By Jason Noble, Local Democracy Reporter


Kersey Primary School had been given an "Outstanding" rating in every category in its previous Ofsted inspection. (7861820)
Kersey Primary School had been given an "Outstanding" rating in every category in its previous Ofsted inspection. (7861820)

Fresh questions have been raised over Ofsted inspections of outstanding schools after two establishments with the top rating have seen dramatic falls in the last month – more than six years after last being visited.

Earlier this month, Ofsted published its results for Kersey Church of England Primary School, which dropped from the top rating to requiring improvement, following a seven-year gap in visits.

It comes less than a month after Great Whelnetham Church of England Primary School was given an inadequate rating by the education watchdog – seven-and-a-half years after its last interim assessment and 12 years since its full inspection, when it was rated as outstanding.

Data published in May revealed that nearly half of Suffolk’s outstanding schools had not been visited in the last six years, prompting questions over its policy.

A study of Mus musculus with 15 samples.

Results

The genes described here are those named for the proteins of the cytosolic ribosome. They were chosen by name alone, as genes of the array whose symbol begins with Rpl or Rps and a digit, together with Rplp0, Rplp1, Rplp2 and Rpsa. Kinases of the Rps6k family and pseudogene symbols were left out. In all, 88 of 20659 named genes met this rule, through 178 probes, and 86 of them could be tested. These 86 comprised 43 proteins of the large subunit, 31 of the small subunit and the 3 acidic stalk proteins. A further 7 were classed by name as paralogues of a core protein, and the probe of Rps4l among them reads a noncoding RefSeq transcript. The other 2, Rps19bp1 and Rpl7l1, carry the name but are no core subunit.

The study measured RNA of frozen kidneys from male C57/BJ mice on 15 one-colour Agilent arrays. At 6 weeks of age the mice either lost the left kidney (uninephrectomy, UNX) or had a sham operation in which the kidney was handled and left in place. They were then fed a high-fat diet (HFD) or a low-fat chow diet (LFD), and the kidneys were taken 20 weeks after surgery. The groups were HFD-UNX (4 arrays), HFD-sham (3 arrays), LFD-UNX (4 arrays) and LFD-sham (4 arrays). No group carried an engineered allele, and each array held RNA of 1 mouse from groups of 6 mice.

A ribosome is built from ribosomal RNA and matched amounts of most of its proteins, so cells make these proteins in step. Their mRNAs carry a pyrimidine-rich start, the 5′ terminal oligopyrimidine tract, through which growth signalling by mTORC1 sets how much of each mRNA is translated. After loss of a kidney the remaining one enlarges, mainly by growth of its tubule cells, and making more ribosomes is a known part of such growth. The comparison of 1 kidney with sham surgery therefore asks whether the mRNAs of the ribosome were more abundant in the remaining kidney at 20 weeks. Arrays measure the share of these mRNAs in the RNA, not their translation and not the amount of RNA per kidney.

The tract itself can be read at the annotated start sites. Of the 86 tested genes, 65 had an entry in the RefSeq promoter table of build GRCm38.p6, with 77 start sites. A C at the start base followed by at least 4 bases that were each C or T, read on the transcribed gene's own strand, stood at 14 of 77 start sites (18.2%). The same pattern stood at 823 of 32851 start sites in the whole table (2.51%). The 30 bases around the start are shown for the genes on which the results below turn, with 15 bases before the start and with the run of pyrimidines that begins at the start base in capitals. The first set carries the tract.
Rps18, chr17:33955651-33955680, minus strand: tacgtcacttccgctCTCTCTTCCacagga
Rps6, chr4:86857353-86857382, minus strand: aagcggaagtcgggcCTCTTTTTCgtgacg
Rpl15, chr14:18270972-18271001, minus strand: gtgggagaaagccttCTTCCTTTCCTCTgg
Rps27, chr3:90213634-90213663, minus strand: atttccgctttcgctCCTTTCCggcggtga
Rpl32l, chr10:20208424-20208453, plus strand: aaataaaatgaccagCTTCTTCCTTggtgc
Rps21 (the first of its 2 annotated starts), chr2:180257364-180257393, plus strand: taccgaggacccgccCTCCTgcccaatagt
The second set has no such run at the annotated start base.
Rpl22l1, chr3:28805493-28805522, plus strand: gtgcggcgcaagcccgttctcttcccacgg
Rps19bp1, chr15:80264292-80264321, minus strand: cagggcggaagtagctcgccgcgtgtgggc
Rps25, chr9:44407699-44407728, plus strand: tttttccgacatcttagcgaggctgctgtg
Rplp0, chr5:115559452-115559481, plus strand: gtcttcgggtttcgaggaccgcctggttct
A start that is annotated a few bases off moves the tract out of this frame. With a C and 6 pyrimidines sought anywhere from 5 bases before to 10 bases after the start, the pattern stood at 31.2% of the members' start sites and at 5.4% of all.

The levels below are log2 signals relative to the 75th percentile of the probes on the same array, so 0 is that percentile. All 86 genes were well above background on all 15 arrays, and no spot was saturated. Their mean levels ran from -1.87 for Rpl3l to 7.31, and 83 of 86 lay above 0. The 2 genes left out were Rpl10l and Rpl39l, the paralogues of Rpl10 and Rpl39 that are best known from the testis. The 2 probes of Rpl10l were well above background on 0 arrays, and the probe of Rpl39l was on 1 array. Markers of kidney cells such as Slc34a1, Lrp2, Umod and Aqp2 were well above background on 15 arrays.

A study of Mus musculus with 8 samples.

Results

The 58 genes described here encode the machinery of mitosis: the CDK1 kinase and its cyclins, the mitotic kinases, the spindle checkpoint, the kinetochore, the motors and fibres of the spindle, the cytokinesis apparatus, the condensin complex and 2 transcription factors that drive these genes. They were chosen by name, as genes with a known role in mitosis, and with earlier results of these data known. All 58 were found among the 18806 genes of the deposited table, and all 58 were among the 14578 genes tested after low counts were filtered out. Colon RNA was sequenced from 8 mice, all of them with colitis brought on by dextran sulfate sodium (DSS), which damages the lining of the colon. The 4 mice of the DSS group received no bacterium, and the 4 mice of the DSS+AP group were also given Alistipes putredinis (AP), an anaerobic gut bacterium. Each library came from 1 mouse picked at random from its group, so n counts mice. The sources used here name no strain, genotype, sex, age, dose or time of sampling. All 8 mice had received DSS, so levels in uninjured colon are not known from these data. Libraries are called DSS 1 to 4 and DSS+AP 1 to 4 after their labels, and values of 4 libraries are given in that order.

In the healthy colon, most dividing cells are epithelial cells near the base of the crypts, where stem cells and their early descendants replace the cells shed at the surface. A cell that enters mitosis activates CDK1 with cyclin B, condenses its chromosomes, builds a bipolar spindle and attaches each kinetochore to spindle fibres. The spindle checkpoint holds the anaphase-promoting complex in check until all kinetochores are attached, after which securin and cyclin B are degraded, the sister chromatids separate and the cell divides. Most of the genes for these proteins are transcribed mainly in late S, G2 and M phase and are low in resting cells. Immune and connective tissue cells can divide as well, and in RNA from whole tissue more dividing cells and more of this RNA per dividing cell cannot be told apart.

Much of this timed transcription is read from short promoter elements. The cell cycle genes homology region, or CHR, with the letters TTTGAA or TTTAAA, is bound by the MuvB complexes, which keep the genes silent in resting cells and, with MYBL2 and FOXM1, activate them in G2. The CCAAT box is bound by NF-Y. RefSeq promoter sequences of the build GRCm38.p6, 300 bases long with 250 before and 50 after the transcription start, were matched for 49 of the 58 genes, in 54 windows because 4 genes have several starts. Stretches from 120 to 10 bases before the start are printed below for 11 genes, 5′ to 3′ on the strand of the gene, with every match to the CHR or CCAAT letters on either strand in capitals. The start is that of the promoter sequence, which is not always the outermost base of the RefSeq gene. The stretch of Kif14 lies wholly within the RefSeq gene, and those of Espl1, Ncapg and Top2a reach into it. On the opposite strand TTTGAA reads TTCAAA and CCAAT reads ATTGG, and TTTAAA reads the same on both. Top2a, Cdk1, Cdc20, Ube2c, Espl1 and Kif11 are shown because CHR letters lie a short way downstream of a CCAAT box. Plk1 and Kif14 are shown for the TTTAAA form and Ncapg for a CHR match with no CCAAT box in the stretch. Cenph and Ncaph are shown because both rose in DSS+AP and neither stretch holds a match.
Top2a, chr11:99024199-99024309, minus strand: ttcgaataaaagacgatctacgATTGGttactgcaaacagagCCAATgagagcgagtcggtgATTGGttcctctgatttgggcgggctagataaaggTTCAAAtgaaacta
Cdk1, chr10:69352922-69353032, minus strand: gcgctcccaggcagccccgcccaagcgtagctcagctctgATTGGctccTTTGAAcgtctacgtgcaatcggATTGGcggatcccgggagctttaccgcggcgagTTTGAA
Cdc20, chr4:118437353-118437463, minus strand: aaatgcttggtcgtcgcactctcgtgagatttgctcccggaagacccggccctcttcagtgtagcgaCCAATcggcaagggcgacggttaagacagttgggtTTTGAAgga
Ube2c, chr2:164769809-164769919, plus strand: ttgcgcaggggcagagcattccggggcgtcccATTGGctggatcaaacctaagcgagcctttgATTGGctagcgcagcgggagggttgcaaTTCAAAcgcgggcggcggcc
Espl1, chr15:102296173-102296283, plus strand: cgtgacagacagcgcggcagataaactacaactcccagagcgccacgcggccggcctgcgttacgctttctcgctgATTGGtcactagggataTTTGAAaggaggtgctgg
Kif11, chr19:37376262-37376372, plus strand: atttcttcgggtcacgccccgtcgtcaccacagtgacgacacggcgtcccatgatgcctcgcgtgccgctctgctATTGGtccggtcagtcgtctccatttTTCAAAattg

Gordon Jones, education cabinet member at Suffolk County Council, said: “I am disappointed that Ofsted inspections have recently judged that the quality of education at two primary schools in Suffolk is no longer outstanding.

“While outstanding schools are exempt from routine inspections, they may be inspected as a result of Ofsted’s assessment of risk.

“I have officially raised my concerns about Ofsted’s policy for reinspecting outstanding schools via the regional schools commissioner, who I will be meeting with again next week.”

A spokesman for Ofsted said that its hands were tied by the legislation issued by Parliament which gave outstanding schools a greater degree of exemption.

“Our chief inspector, Amanda Spielman, has been very clear that Ofsted would like the exemption to be removed so that we can routinely inspect outstanding schools,” the spokesman said.

“We want to be sure that people can have confidence in our grades, but there are now almost 300 schools that have gone a decade or more without inspection.”

Kersey Primary School declined the opportunity to comment when approached.